Traumatic losses such as the death of a loved one by suicide are far outside of what we normally expect in life. The reactions of suicide survivors often include and go beyond normal grief reactions in severity and duration.
Common reactions include:
• Distressing recollections of the death
• Distressing dreams about the event
• A feeling of reliving the experience
• Feeling numb
• Feeling emotionally detached from other people
• Always feeling “on guard”
• Difficulty working
• Difficulty in social situations
• Difficulty falling or staying asleep
• Irritability or outbursts of anger
• Difficulty concentrating
Some survivors have a more difficult time healing. They develop more severe and lasting symptoms which are diagnosed as “Post Traumatic Stress Disorder.” (PTSD) There are many positive ways to cope with symptoms of trauma. A trained professional, experienced in suicide loss or treatment of traumatic grief, can be very helpful.
Post Traumatic Stress Disorder
Post Traumatic Stress Disorder is defined in DSM-IV, the fourth edition of the American Psychiatric Association’s Diagnostic and Statistical Manual. For a doctor or medical professional to be able to make a diagnosis, the condition must be defined in DSM-IV or its international equivalent, the World Health Organization’s ICD-10.
The diagnostic criteria for Post Traumatic Stress Disorder are defined in DSM-IV as follows:
A. The person experiences a traumatic event in which both of the following were present:
- the person experienced or witnessed or was confronted with an event or events that involved actual or threatened death or serious injury, or a threat to the physical integrity of self or others;
- the person’s response involved intense fear, helplessness, or horror.
B. The traumatic event is persistently re-experienced in any of the following ways:
- recurrent and intrusive distressing recollections of the event, including images, thoughts or perception
- recurrent distressing dreams of the event
- acting or feeling as if the traumatic event were recurring (e.g. reliving the experience, illusions, hallucinations, and dissociative flashback episodes, including those on wakening or when intoxicated)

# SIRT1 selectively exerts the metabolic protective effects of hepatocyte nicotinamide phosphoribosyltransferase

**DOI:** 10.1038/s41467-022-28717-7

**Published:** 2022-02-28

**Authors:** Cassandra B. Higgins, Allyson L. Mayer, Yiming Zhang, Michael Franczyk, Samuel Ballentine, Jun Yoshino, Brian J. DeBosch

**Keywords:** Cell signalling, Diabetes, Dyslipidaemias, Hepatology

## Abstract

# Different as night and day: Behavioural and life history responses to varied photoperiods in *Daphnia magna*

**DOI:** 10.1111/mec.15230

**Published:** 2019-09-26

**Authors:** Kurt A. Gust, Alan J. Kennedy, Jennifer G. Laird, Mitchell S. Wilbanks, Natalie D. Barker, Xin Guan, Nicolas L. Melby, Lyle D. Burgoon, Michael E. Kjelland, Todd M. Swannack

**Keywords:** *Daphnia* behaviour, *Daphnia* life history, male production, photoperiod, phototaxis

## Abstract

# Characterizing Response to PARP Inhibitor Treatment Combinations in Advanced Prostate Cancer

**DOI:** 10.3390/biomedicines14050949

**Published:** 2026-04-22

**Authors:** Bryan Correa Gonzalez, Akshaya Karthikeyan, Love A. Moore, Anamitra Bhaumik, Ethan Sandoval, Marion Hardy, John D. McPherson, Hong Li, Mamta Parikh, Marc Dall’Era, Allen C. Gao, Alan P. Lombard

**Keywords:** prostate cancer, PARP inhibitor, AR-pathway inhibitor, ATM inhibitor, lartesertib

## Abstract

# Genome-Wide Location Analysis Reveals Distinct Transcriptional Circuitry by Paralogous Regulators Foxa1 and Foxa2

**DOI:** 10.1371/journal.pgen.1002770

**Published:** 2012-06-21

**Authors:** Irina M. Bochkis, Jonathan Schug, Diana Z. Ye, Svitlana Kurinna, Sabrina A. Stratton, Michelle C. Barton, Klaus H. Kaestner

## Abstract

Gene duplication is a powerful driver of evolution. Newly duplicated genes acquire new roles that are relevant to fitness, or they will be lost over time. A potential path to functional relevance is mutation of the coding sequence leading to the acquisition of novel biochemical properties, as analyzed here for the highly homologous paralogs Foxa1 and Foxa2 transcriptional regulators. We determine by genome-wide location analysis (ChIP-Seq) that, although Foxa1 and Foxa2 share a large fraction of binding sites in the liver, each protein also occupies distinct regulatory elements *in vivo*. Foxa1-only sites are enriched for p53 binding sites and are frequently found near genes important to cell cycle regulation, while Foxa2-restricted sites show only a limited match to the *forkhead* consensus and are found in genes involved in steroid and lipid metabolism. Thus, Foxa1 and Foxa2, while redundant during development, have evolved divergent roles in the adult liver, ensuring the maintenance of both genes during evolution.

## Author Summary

- intense psychological distress at exposure to internal or external cues that symbolize or resemble an aspect of the traumatic event
- physiological reactivity on exposure to internal or external cues that symbolize or resemble an aspect of the traumatic event.
C. Persistent avoidance of stimuli associated with the trauma and numbing of general responsiveness (not present before the trauma) as indicated by at least three of:
- efforts to avoid thoughts, feelings or conversations associated with the trauma;
- efforts to avoid activities, places or people that arouse recollections of this trauma;
- inability to recall an important aspect of the trauma;
- markedly dimished interest or participation in significant activities;
- feeling of detachment or estrangement from others;
- restricted range of affect (eg unable to have loving feelings);
- sense of foreshortened future (eg does not expect to have a career, marriage, children or a normal life span.
D. Persistent symptoms of increased arousal (not present before the trauma) as indicated by at least two of the following:
- difficulty falling or staying asleep;
- irritability or outbursts of anger
- difficulty concentrating;
- exaggerated startle response
E. They symptoms on Criteria B, C and D last for more than one month.
F. The disturbance causes clinically significant distress or impairment in social, occupational or other important areas of functioning.